Information systems faculty from the University of Maryland's Robert H. Smith School of Business and such universities as Carnegie Mellon, Emory, Purdue, Georgia Tech and New York University gathered in Van Munching Hall for the 2013 IT Teaching Workshop.
The May 17 event started with introductory remarks from Ritu Agarwal, professor and Robert H. Smith Dean's Chair of Information Systems, and participants were welcomed by Dean G. "Anand" Anandalingam during lunch.
“Participants shared new teaching techniques, ideas, assignments and framework,” said Peng Huang, assistant professor in Smith’s Department of Decision, Operations and Technologies (DOIT).
Smith-DOIT Associate Professor Sunil Mithas presented his ADROIT (A: Add value or growth; D: Differentiate or increase WTP; R: Reduce Costs; O: optimize risk ; I: Innovate; T: Transform) framework to “articulate the role of IT in broader terms than just focus on the cost reduction role of IT.” Discussion further covered new simulations, games and cases for creating student engagement.
Hank Lucas, the Robert H. Smith Professor of Information Systems, shared insight from recent online course development and delivery activities. He referred to four types of course platforms using different technologies: synchronous, asynchronous, blended, and Massive Open Online Course (MOOC). “This year, I’ve done all of those.”
Regarding MOOC, Lucas this spring delivered "Surviving Disruptive Technologies" to several thousand students representing about 100 countries. He created the offering in conjunction with the education company Coursera as part of a free online course initiative to broaden access to top-level institutions.
Last fall, Lucas taught an asynchronous online course, “Strategic and Transformational IT,” to 24 Smith MBAs. Online video meetings created virtual class sessions complemented by short video lecture modules, case studies and other exercises for asynchronous viewings. “It’s an intense experience no less demanding of you than standing in the front of a classroom,” said Lucas, who is helping spearhead Smith’s forthcoming online MBA degree program.
Andrew Baer (’80), adjunct instructor for Smith's DOIT and former Comcast CIO, said Lucas’ work illustrates how universities can effectively adapt to student expectations. “The corporate world has moved toward improving the customer experience by figuring out how to offer lots of different ways for customer interaction. The Amazons, Googles and Apples of the world have conditioned this level of expectation,” he said. “To have a broad reach to prospective students, we have to create a broad offering of learning options across different technologies.”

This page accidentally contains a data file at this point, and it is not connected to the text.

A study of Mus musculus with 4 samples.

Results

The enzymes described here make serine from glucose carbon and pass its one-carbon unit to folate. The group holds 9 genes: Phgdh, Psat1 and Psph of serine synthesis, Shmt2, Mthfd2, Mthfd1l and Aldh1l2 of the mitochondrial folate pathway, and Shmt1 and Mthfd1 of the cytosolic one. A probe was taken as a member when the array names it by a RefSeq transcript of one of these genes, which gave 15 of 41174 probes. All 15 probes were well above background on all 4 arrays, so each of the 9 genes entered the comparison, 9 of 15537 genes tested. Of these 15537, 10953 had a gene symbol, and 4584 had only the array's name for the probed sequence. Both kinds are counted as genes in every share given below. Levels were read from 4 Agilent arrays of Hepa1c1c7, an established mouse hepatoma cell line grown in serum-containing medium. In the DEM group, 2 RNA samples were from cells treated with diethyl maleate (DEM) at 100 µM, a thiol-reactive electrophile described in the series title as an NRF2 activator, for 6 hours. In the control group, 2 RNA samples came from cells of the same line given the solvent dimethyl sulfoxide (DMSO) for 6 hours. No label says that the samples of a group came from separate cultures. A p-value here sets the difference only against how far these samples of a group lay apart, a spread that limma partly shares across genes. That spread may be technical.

Lucas’ and Baer’s comments were part of an “IT in Higher Education: Sustaining or Disruptive?” panel discussion with Deborah Lucas (’96), senior customer success director at Salesforce.com; Maryam Alavi, information strategy professor and vice dean for faculty and research at Emory University’s Gouizeta Business School; and Vasant Dhar, professor and director of the NYU Stern School of Business’ Center for Business Analytics.
Joe Bailey, research associate professor for DOIT, co-presented "IT Decision Games" among other presenters and subtopics. View the full agenda here.
“As information technology is increasingly vital to most enterprises, we are seeing new ways to teach and deliver content that’s driven by Internet and related technologies,” said Zhi-Long Chen, professor of operations management and DOIT chair, who delivered welcoming remarks on the eve of the workshop.
In staging the 2013 workshop, Smith and the University of Maryland follow previous hosts including the University of California Irvine, University of Michigan and Georgia Tech. NYU will host the 2014 workshop.
Hosting this year's workshop is a timely illustrator of Smith’s thought leadership, Chen added. “Not only are Smith’s DOIT information systems faculty among the world’s best IT researchers, they are also outstanding teachers."